The left blamed the right. The right blamed the left. Half of Twitter blamed maps with little cross-hairs icons on them. But binary political gamesmanship was only the beginning in the Jared Lee Loughner blame game. Below is a pu-pu platter of outlandish explanations offered for the Tucson massacre in the days immediately following the shooting.
Marijuana. In a FrumForum post headlined "Did Pot Trigger Giffords Shooting?" the conservative pundit David Frum wrote, "The Tucson shooting should remind us why we regulate marijuana." After noting that schizophrenics are more likely to smoke weed and that weed smokers are more likely to be diagnosed with schizophrenia, Frum took a bold stand against logic: "Is correlation causation? Increasingly experts seem to be saying: 'Yes.'?" Meanwhile one of Loughner's friends told Mother Jones the gunman had actually stopped smoking pot and drinking in 2008. "After he quit," the friend said, "he was just off the wall."
Video games. Two days after the massacre, New York Times blogger Nate Silver tweeted: "Why aren't we having a debate about violent video games? Loughner was known to be a big gamer." Silver was joined by other commentators, including Rabbi Joshua Levine Grater, who wrote on The Huffington Post that "all of us are responsible for supporting violent films and video games, glorifying violence on the screen that only serves to affect our children and our psyches." Silver later clarified that he was "NOT saying we should ban Call of Duty. But LOTS of things—guns, alcohol, rhetoric, video games—are dangerous to a disturbed person."
Repeal of the Hays Code. Morality in Media President Robert Peters lamented the absence of religion in popular culture in a press release inspired by the Tucson shootings. He specifically cited the Motion Picture Association of America's 1968 decision to discard rules that barred portrayals of immoral acts in a positive light. "Along with pointing a finger of blame at misuse of guns," he wrote, "the liberal news media should also point a finger of blame at TV shows, films, rap lyrics and video games that glamorize deadly gun violence and that are popular among young males."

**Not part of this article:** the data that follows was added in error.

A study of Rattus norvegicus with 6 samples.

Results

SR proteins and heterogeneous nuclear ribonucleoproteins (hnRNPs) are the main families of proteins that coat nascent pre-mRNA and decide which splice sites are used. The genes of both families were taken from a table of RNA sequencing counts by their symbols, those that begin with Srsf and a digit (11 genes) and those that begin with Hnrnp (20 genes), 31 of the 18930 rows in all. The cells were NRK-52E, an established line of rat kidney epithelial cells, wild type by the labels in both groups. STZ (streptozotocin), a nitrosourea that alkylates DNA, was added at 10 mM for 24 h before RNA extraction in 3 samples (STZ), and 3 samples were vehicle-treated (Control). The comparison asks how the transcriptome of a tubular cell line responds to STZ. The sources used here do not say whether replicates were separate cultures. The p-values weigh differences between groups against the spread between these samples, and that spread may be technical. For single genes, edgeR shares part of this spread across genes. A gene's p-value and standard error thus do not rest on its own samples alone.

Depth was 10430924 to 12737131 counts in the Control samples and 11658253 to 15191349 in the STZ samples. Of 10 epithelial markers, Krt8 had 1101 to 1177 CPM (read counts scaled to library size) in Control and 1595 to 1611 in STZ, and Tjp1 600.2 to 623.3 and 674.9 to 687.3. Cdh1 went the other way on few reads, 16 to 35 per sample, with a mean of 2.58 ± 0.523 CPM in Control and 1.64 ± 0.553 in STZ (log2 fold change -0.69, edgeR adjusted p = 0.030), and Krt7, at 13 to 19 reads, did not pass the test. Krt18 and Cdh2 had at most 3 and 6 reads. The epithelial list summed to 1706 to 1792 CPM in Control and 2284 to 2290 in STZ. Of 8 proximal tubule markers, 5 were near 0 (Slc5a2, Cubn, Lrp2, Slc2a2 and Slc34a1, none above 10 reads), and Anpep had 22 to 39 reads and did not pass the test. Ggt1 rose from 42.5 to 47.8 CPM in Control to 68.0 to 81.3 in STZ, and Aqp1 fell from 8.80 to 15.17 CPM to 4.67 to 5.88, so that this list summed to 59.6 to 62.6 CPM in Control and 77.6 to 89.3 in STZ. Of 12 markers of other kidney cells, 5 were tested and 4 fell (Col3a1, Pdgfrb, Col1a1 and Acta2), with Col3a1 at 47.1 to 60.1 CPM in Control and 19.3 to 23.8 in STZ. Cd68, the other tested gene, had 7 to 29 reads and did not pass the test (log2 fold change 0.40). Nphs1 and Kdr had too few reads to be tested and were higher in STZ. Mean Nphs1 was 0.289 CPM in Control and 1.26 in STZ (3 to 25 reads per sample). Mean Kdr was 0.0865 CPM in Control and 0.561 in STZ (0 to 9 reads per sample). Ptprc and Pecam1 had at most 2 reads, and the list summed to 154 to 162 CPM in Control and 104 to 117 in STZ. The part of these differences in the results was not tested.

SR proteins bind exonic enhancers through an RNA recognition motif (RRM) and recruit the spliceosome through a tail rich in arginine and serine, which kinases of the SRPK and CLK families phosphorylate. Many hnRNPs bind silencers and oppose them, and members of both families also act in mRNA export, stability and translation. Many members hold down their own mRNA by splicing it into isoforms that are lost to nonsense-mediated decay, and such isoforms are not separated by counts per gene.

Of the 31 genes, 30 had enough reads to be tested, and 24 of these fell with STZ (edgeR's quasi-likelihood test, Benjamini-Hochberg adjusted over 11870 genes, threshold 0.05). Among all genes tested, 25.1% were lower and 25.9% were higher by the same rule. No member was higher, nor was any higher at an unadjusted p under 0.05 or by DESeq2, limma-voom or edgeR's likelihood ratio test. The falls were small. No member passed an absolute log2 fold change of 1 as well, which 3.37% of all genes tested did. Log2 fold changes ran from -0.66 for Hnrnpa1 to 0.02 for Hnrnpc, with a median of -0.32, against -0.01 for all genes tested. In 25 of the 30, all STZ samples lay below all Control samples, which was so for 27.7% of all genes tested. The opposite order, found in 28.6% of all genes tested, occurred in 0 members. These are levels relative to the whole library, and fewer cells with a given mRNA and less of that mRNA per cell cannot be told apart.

Efforts to repeal the health care bill. The Monday after the shootings, former Sen. Bob Kerrey (D-Neb.) told radio host Don Imus, "Tomorrow they were going to vote to repeal this health care bill—and it's not going to go anywhere in the Senate—it's one of the reasons that this guy was angry and pretty obvious that he is, at least from me, from where I sit that he's mentally ill and deeply troubled."
Demonization of others. U.C.-Berkeley Chancellor Robert J. Birgeneau sent a letter to his student body declaring: "A climate in which demonization of others goes unchallenged and hateful speech is tolerated can lead to such a tragedy. I believe that it is not a coincidence that this calamity has occurred in a state which has legislated discrimination against undocumented persons. This same mean-spirited xenophobia played a major role in the defeat of the DREAM Act by legislators in Washington, leaving many exceptionally talented and deserving young people, including our own undocumented students, painfully in limbo with regard to their futures in this country."
Uncensored speech. Rep. Jim Clyburn (D-S.C.), the third-ranking Democrat in Congress, reacted to the shootings by calling for a revival of the fairness doctrine, a constitutionally problematic policy that required balanced treatment of controversial issues on TV and radio. "Free speech is as free speech does," he explained. "You cannot yell 'fire' in a crowded theater and call it free speech, and some of what I hear, and is being called free speech, is worse than that."
Katherine Mangu-Ward (firstname.lastname@example.org) is a senior editor at reason.